Compiled by Graham Greenleaf
The Federal Government has responded to the House of Representatives Standing Committee on Legal and Constitutional Affairs Advisory Report (see (2000) 7(1) PLPR 1) on the Privacy Amendment (Private Sector) Bill 2000 by proposing very few and mainly inconsequential amendments. Attorney General Williams has tabled (8 September 2000) amendments, the more significant of which are:
NZ Privacy Commissioner Bruce Slane, in a submission to the NZ Parliament’s Foreign Affairs, Defence and Trade Committee ‘Inquiry Into New Zealand’s Economic and Trade Relationship with Australia’, has criticised Australia’s proposed private sector privacy law as failing to come up to OECD standards, and as continuing Australia’s lax privacy standards as an impediment to trans-Tasman trade and co-operation. Slane comments:
The Australian Government is now acting in respect of the private sector. Unfortunately, the Bill that presently is before the Australian Parliament is highly unsatisfactory as a data protection measure given the inclusion of several large exemptions, most critically a ‘small business’ exemption — which cynically excludes business with a turnover of up to $3 million — and an employee records exemption. There is no justification for either exemption in the OECD Guidelines. Important categories of personal information transferred from New Zealand to Australia will be without legal protection where such exemptions apply.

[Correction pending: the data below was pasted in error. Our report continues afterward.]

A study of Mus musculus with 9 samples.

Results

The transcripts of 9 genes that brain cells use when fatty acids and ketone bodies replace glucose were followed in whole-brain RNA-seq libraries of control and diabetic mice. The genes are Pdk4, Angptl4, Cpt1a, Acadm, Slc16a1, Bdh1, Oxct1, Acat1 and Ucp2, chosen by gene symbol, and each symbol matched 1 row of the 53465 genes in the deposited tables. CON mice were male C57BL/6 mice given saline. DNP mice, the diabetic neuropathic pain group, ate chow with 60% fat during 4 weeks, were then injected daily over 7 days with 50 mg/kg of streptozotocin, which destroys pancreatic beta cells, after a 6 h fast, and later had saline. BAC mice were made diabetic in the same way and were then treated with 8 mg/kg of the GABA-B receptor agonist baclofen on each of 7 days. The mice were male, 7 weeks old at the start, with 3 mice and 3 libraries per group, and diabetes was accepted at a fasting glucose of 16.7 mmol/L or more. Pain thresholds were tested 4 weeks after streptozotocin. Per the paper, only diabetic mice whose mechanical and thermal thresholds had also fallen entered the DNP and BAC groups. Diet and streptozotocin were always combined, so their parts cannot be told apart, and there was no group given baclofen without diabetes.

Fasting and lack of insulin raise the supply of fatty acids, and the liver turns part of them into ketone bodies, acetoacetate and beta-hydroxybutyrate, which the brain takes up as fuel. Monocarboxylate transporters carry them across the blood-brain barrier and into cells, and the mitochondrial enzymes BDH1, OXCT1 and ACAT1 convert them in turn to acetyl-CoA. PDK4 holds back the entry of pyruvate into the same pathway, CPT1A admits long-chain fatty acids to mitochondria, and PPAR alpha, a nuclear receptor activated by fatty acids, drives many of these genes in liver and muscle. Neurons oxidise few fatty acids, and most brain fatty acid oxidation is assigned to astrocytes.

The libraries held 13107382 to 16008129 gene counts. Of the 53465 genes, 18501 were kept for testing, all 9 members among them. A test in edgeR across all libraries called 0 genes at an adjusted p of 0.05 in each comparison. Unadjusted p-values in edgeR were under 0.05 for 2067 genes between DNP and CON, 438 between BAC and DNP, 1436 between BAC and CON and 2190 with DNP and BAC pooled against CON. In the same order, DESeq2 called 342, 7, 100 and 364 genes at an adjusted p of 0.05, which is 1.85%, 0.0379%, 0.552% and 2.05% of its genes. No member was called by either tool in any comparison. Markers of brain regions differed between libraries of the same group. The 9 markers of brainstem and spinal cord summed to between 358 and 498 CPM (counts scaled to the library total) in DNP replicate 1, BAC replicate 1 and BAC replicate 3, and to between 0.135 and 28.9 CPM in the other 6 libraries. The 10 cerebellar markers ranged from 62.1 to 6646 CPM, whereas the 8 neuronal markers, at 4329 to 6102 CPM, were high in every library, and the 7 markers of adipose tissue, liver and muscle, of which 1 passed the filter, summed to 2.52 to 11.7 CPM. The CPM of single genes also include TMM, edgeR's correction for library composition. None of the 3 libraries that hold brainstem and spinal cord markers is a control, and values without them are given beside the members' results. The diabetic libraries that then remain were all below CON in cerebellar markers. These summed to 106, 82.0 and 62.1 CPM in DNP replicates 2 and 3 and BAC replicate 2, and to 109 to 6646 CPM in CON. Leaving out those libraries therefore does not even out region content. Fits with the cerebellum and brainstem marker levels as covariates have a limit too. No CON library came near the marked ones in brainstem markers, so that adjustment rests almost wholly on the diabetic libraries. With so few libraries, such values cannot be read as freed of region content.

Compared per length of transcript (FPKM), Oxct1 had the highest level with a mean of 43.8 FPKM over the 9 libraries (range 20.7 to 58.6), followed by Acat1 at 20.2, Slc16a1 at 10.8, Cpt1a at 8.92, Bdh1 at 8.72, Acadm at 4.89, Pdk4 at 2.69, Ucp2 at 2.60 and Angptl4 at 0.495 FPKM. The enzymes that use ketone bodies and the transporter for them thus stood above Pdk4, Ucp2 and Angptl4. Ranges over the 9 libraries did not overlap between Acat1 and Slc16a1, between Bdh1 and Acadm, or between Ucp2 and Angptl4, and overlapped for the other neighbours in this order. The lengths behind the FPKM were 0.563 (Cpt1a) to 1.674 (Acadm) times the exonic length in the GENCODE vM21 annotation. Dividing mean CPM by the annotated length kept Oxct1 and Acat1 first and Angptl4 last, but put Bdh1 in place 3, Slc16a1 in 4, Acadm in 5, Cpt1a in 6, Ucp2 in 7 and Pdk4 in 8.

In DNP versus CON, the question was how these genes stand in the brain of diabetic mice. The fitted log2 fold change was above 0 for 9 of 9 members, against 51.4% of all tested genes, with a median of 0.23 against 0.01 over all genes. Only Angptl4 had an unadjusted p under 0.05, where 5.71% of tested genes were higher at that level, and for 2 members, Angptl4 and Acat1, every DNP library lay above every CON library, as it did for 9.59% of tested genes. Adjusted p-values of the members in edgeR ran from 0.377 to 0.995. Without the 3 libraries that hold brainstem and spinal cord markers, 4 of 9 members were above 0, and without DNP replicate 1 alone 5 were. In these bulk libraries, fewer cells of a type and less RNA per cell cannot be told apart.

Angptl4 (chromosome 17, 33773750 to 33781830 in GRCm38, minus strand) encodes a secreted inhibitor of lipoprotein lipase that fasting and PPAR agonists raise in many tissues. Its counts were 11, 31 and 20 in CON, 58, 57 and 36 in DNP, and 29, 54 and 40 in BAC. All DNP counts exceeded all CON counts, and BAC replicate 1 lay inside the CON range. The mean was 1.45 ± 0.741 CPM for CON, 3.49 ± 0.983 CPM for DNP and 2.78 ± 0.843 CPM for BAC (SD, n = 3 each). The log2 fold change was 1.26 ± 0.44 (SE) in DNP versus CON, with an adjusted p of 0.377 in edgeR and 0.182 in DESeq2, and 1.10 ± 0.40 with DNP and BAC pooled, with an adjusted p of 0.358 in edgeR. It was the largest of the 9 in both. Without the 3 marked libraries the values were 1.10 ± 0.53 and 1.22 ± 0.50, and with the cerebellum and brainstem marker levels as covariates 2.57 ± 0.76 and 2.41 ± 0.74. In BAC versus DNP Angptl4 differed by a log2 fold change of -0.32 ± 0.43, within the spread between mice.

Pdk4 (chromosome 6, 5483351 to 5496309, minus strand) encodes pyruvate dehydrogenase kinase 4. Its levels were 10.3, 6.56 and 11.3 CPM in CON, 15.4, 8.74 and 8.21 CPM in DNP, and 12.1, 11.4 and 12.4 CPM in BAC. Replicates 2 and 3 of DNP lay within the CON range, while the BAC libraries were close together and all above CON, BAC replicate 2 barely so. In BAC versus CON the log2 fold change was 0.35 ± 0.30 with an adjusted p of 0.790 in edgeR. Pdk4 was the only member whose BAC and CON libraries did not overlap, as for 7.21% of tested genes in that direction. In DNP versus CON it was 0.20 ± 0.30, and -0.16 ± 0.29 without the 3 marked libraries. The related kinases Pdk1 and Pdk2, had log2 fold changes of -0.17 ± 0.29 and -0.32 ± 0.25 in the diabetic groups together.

He argues that harmonisation of regional privacy laws ‘ought to be a consideration in terms of our foreign affairs and trading relationship with Australia and other regional partners’.
A version of the Privacy Act 1988, unofficially consolidated to include the Government’s proposed Privacy Amendment (Private Sector) Bill 2000, is available from Sydney law firm Blakes at <http://www.bdw.com.au/frameit.asp?page=/news/news-63.asp?>.